American Airlines To Drop 15 Cities After PSP Expires In October

Credit: American Airlines

American Airlines announced plans to drop service to 15 small and mid-sized U.S. cities following the expiration of the Payroll Support Program (PSP) on Oct. 1, further raising pressure on Congress to extend the federal aid program for another six months.

Fort Worth-based American referred to the decision in a statement as “the first step” in evaluating possible network changes in the coming weeks, suggesting that more cities may be cut. The carrier’s full October schedule will be released Aug. 29, and its updated November schedule is due in late September. 

“The airline will continue to re-assess plans for these and other markets as an extension of the Payroll Support Program remains under deliberation,” the company said.

The CARES Act, passed on March 31, prevented airlines that received aid from dropping service to most markets in their pre-pandemic networks, although the U.S. Transportation Department (DOT) did provide narrow exemptions through a special waiver process. 

By publicly telegraphing its plans to drop service—and explicitly linking the decision to whether lawmakers extend the PSP—some industry watchers believe American may be attempting to use the service cuts as leverage to exact a renewal from Congress.

“American announced about a week ago there might be 30 cities that get cut, and they raised the possibility that this was just the opening salvo or shot across the bow,” industry analyst Bob Mann told Aviation Daily. “Whether or not the true intention is to persuade Congress, it will have some effect on them.”

Axed routes include small and mid-size cities in 15 states across the country. Most of the routes are served by American’s regional affiliates, suggesting that struggling regional carriers may soon face even greater challenges in the weeks to come.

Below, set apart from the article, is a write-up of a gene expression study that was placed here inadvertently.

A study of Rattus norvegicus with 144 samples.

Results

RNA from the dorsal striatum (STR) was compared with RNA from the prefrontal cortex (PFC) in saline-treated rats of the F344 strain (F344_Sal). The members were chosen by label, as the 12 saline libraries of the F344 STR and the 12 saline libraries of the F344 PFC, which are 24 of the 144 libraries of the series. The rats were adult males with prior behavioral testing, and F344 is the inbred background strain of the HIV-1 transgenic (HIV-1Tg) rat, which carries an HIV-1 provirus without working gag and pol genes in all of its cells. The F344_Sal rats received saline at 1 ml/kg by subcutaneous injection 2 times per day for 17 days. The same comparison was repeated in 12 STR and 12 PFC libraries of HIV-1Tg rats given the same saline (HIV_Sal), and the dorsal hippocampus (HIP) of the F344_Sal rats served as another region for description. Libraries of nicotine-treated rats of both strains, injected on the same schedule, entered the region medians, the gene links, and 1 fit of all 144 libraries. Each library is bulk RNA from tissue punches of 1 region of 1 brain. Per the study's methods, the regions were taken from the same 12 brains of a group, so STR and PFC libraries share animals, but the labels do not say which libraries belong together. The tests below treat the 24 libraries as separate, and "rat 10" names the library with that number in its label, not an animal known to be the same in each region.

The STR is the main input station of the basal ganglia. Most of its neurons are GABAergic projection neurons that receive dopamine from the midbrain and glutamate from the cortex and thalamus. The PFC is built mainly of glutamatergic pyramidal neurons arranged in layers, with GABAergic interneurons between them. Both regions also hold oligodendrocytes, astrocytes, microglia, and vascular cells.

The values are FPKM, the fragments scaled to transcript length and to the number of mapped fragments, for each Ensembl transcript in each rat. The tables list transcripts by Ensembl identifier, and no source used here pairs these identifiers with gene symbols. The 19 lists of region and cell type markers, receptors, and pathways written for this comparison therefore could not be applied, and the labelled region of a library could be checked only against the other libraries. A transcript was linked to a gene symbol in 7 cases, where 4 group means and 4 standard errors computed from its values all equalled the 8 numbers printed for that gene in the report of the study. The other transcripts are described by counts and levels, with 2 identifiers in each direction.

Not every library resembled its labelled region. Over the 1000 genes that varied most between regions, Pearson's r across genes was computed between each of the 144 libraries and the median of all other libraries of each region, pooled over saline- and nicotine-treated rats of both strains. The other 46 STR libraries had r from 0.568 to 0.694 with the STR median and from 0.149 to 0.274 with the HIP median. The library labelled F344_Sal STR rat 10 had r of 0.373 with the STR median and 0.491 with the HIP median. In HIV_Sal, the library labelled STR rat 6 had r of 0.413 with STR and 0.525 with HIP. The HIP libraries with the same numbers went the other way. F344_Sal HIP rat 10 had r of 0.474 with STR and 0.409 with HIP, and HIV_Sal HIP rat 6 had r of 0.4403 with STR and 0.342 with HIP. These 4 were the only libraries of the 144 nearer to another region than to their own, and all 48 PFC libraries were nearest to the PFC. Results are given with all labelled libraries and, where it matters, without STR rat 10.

“Most of this is regional flying, which illustrates how badly many of the regionals are going to be hit by this and similar cuts at other airlines,” Mann said. “That’s the story that’s not getting as much attention—the impact this all will have on the regional side.”

The complete list of cities losing American service includes Del Rio, Texas; Dubuque, Iowa; Florence, South Carolina; Greenville, North Carolina; Huntington, West Virginia; Joplin, Missouri; Kalamazoo/Battle Creek, Michigan; Lake Charles, Louisiana; New Haven, Connecticut; New Windsor, New York; Roswell, New Mexico; Sioux City, Iowa; Springfield, Illinois; Stillwater, Oklahoma; and Williamsport, Pennsylvania.

Meanwhile, American’s relaunched cargo-only service—started in March after 35 years of no freighter flights—will total more than 1,000 flights serving 32 destinations in September, doubling its cargo-only flying compared to August. In addition, 1,200 passenger flights will carry belly cargo in September.

American mostly uses reconfigured Boeing 777-300s to transit cargo from the U.S. to destinations in Europe and Asia, including Beijing Capital (PEK), Frankfurt (FRA), Hong Kong (HKG), Seoul Incheon (ICN) and Shanghai Pudong (PVG). “Many of these flights deliver PPE and medical supplies from Asia to U.S. soil, as well as mail, clothing and hard goods,” American said in statement.

Ben Goldstein

Based in Washington, Ben covers Congress, regulatory agencies, the Departments of Justice and Transportation and lobby groups.

David Casey

David Casey is Editor in Chief of Routes, the global route development community's trusted source for news and information.